What is surprise billing?
Imagine going to the emergency department, whether for stomach pain, a cut or broken bone, or as the result of a traumatic event. In any case, the emergency department is required by law – and moral obligation – to treat the patient. Unfortunately, some patients have insurance that considers certain emergency treatment out-of-network, and that patient will later receive a “surprise” medical bill from the provider to cover the cost of care. This is a practice known as balance billing.
How does a surprise bill occur?
Patients are often shocked and upset (rightfully so) to find that the health insurance product they pay for is not providing the coverage it should. Knowing emergency physicians must treat all people regardless of ability to pay or insurance status, payers use the federal law – the Emergency Medical Treatment and Labor Act, or (EMTALA) – to offer physicians unfair reimbursement rates that are unsustainable for physicians and emergency departments. Some physicians instead are forced to stay out of network and bill patients for care, creating a “surprise” bill.
This phenomenon might also be referred to as the surprise insurance gap.
How does this affect the patient?
Patients are led to believe that their health insurance company will cover the cost of all – or the majority of – medical expenses. This is not the case in modern America.
Insurance companies are charging higher premiums and providing less coverage than in the past, and patients are often stuck with higher out-of-pocket costs with higher deductibles and co-insurance.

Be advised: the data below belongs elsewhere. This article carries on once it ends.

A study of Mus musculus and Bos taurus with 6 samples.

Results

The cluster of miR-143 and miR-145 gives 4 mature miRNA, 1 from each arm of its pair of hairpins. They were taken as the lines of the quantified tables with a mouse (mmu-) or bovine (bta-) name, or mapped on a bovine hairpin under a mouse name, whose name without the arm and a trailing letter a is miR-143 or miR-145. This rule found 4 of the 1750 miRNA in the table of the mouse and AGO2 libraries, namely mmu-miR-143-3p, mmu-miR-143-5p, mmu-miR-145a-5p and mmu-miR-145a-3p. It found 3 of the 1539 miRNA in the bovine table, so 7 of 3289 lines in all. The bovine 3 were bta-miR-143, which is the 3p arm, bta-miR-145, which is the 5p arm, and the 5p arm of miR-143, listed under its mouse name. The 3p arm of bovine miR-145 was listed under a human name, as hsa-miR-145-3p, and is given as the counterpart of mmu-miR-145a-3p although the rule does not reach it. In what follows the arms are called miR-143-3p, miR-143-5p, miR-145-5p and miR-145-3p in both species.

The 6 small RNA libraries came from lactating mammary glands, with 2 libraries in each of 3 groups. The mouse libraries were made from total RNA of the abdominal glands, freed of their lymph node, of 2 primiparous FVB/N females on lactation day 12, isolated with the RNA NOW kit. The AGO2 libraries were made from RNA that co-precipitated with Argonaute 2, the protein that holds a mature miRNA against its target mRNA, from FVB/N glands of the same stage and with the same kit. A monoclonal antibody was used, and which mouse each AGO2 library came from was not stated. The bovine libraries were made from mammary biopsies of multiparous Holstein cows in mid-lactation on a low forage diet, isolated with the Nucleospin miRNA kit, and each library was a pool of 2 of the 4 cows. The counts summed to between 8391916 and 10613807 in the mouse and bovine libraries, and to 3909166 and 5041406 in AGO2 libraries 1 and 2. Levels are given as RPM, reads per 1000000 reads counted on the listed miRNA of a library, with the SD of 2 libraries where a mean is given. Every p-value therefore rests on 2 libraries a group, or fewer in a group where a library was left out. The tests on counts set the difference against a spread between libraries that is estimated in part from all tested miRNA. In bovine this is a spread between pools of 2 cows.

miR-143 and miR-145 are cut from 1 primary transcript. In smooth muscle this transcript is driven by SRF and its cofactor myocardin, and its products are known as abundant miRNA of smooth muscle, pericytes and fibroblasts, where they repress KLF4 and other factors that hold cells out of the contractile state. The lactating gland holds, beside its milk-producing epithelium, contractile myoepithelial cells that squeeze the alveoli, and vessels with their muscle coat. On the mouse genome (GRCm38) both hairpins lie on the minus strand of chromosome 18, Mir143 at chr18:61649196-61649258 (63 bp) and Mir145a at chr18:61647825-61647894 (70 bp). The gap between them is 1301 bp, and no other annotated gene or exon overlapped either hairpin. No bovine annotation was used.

To enroll more people, insurance companies offer plans with “affordable” premiums that often leave the patient with very little coverage for emergency medical costs. This shifts cost to the patient and medical providers, and enriches the insurance companies.
What is VACEP doing to fix the issue?
Finding a fix for surprise medical bills guarantees access to quality care and ensures emergency rooms remain a “safety net” for all Virginians. In 2019, the Virginia College of Emergency Physicians is supporting legislation to end balance billing while providing fair reimbursement for physicians.
Our proposed solution:
We support a ban on balance billing in a manner that also protects emergency physicians who provide EMTALA-mandated care. When a patient goes to an in-network hospital for emergency care, but the physician is out-of-network, the patient will not be required to pay the difference. Instead, providers will be paid a reasonable, regional average of commercial payments for the care they provide.
A change to state law also protects patients by:
More facts on Surprise Billing Billing
How does this affect patients and emergency medicine providers?
Emergency departments across the country are feeling the harmful effects of the Out of Network Services practice. The financial costs to keep emergency departments open and fully staffed 24 /7/365 are astronomical. As insurance companies provide less and less coverage, patients are often times unable to pay their medical bills. When this occurs, the hospital or emergency department loses money, but is still responsible for covering the cost of running an expensive emergency department. For this reason, emergency departments around the country are shutting their doors and closing permanently, leaving patients without access to emergency medical care.